All Walmart US private label coffee is certified sustainable

Walmart announced that all coffee sourced for Walmart US private brands is certified sustainable through third-party groups Fair Trade, Rainforest Alliance Certified or UTZ.

The announcement comes one-year ahead of the timeline Walmart was aiming for when the Bentonville, Arkansas-based company announced a commitment in 2017 to make 100% of Walmart’s private brand coffee in its US stores 100% certified sustainably grown by 2020.

“Sustainability is at the heart of our ongoing mission to do right by people across the Walmart supply chain and across the planet. When our customers enjoy the aroma of our private brand coffee, we also want to ensure we’re meeting their expectations on quality and sourcing based on best-in-class, certified industry standards – all while delivering on everyday low prices,” said Ryan Isabell, Walmart Stores senior buying manager, coffee & cocoa, in a blog. “Our customers can now be certain that the coffee they’re buying from us was grown with care, by farmers working to build sustainable livelihoods and thriving communities.”

He added that Walmart is working with suppliers to increase traceability within its private brands. “That includes working with one of our coffee suppliers, Westrock Coffee, to offer visibility into their supply chain, all the way back to the coffee farmers at origin. It’s all part of a larger effort to create more transparency so customers can feel good about the items they purchase at our stores,” said Isabell, noting that Walmart became the first major North American retailer to join Conservation International’s Sustainable Coffee Challenge. The Challenge is a collaborative effort of companies, governments, non-governmental organisations, research institutions and others that aims to stimulate greater demand for sustainable coffee across the globe.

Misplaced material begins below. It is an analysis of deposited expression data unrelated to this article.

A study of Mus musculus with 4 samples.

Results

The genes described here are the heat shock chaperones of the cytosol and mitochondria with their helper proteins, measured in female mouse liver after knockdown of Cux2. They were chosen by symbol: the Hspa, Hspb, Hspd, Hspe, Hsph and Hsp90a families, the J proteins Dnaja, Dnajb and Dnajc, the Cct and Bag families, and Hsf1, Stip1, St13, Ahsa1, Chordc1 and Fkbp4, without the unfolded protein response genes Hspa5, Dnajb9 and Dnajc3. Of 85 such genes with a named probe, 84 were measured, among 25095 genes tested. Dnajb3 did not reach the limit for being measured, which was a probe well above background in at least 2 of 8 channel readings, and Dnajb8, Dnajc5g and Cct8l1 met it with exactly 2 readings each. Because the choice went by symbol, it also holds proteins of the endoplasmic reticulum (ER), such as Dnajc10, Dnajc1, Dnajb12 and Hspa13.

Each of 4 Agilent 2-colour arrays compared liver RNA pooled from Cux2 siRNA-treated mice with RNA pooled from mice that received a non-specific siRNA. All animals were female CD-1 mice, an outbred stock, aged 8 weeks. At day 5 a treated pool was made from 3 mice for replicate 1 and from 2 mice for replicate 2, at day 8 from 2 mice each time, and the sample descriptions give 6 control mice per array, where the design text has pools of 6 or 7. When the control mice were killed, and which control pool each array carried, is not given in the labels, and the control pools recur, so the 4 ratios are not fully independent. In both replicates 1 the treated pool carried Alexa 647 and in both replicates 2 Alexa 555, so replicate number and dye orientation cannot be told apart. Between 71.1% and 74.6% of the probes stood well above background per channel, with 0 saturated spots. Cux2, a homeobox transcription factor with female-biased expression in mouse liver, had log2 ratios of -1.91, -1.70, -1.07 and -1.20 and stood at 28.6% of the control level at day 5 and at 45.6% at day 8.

Walmart continues to be a driving force of sustainable action, coffee being just one area. In September, the company signed the “10x20x30” initiative, bringing together ten of the world’s biggest food retailers and providers to each engage with 20 of their priority suppliers to aim to halve rates of food loss and waste by 2030. This private sector commitment is designed to be a significant advancement toward the United Nations’ Sustainable Development Goal (SDG) Target 12.3, which calls for a 50% reduction in food loss and waste by 2030 worldwide. Overall, Walmart has shifted to embrace the Environmental, Social and Governance (ESG) business model – outlining strategies and initiatives in its first inaugural ESG report (released in May).